One of the most common mistakes people make when planning virtual meetings is allocating time incorrectly. Hint: the problem is not usually that meetings end early.
- How long would this conversation with this group of people take in a face-to-face meeting? Write it down. We’ll call that number n.
- Add modifiers to n as follows:
- If there is no facilitator, double n before continuing. Then hire or assign a facilitator.
- If there are more than 10 people involved (not counting the facilitator):
- For 11-15 people, add 5 minutes to n.
- For 15-20 people, add 10 minutes to n.
- For 21-30 people, add 15 minutes to n.
- For more than 30 people, design pre-work to take care of as much as you can before the meeting, then add 20 minutes to n.
- Will you be switching tools during the meeting? For instance, going from screen-sharing to a collaborative sticky note board, Google doc, or similar?
- If so, add 5 minutes for every time you switch to a new tool.
- If the additional tool is new to at least half the group, add another 5 minutes.
- If the additional tool requires participants to log in, add another 2 minutes.
- If the additional tool requires a download or plug-in, add another 5 minutes.
- If you don’t display clear written instructions about how to access and use the tool, add 5 minutes.
- Will you be using breakout rooms in this meeting? Add 5 minutes for each time you go into breakouts.
- Will the group need to make a major decision during this conversation?
- For groups up to 15, add 10 minutes to propose the decision and check for agreement.
- For groups of 16-20, add 15 minutes to propose the decision and check for agreement.
- For groups over 20, add 15 minutes to propose the decision and check for agreement, and expect a lot of follow-up questions after the meeting.
- If the group is very divided about the content of the decision, add another 5-10 minutes to the decision time.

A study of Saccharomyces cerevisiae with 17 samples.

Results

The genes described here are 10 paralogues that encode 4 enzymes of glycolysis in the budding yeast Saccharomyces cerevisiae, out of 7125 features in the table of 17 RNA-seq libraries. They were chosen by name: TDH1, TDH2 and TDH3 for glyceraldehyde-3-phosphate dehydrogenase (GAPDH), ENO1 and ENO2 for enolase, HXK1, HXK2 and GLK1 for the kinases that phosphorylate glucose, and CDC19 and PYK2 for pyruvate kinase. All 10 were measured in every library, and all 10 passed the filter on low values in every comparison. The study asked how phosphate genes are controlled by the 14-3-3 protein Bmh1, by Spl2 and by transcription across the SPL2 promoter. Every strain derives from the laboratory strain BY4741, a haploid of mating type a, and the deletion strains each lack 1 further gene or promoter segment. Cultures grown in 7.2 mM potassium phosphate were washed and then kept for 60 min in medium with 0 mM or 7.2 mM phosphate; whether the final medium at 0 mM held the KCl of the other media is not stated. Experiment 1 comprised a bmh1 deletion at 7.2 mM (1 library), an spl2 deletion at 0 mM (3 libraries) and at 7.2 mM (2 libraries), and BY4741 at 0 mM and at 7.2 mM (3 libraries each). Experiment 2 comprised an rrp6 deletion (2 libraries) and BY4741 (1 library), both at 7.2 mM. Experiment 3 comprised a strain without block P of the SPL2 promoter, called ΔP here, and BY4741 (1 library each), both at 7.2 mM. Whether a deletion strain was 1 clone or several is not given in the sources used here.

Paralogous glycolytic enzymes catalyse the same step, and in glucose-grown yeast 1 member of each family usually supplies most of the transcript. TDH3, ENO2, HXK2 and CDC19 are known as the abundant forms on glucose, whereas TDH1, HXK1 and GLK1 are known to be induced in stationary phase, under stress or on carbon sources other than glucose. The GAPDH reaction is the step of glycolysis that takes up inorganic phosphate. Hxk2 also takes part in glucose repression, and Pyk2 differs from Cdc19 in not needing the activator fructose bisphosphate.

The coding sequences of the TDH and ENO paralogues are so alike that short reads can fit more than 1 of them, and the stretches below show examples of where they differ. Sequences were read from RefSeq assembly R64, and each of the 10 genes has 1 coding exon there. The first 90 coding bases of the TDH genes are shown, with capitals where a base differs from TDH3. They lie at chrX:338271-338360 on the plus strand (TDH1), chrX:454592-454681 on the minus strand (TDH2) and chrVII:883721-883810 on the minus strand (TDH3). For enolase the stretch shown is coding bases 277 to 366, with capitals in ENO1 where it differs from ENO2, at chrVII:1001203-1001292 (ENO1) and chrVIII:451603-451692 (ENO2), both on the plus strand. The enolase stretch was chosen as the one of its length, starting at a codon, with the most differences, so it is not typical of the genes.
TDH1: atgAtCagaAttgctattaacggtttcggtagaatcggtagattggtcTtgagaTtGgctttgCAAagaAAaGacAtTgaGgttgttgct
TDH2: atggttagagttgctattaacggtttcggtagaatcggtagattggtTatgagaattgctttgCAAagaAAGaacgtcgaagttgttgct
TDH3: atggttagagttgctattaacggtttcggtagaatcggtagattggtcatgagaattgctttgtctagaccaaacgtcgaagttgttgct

- Will you be keeping a Parking Lot, and do you expect more than two Parking Lot issues to come up? If so, add 5-10 minutes to resolve the Parking Lot issues.
- Look at the total you have so far. For every 60 minutes, add 5 minutes for stretch breaks. If you’re over two hours total, add another 10 minutes for a sanity break in the middle.
- Remember to add 10 minutes up front for people to connect to the meeting and get their audio and video sorted out.
- Remember to add 5 minutes at the end of the meeting to review decisions and action steps.
As an example, let’s look at a group of 14 people who need to brainstorm ideas about their next product launch, select two, and assign research leads to each idea. It would take them 45 minutes to get this done in one focused face-to-face meeting with a facilitator, so n is 45.
- Add 5 minutes for the number of people (14): 50 minutes
- We’ll use screen sharing and Boardthing (a sticky note tool), so we add 5 minutes: 55 minutes
- Boardthing doesn’t require an account or a download, so we don’t need to add any time for that.
- Naturally we will create clear, visual instructions for Boardthing and show them before we switch as well as in Boardthing itself, so we don’t have to add 5 minutes for not doing that.
- We will be using breakout groups once, so we add 5 minutes: 60 minutes
- The group will need to make a major decision, so we add 10 minutes: 70 minutes
- The group isn’t particularly deeply divided, so we don’t need to add time for that.
- We don’t expect a long Parking Lot, so we don’t need to add time for that.
- We add a 5-minute stretch break: 75 minutes
- We add 10 minutes at the start for getting settled: 85 minutes
- We add 5 minutes at the end to review decisions and actions: 90 minutes
In order to accomplish our objectives in a virtual meeting, we need to set aside 90 minutes, including a 5-minute stretch break.
By now you’re probably wondering whether this is meant to be satire. Nope. I’m serious. This is how long it takes to do real work when you’re not face-to-face. If you plan for it and people are prepared in advance, the meeting will run much smoother. People will feel great about achieving their objectives in the time they set aside. And hey, if you’re wrong, you can always end the meeting early.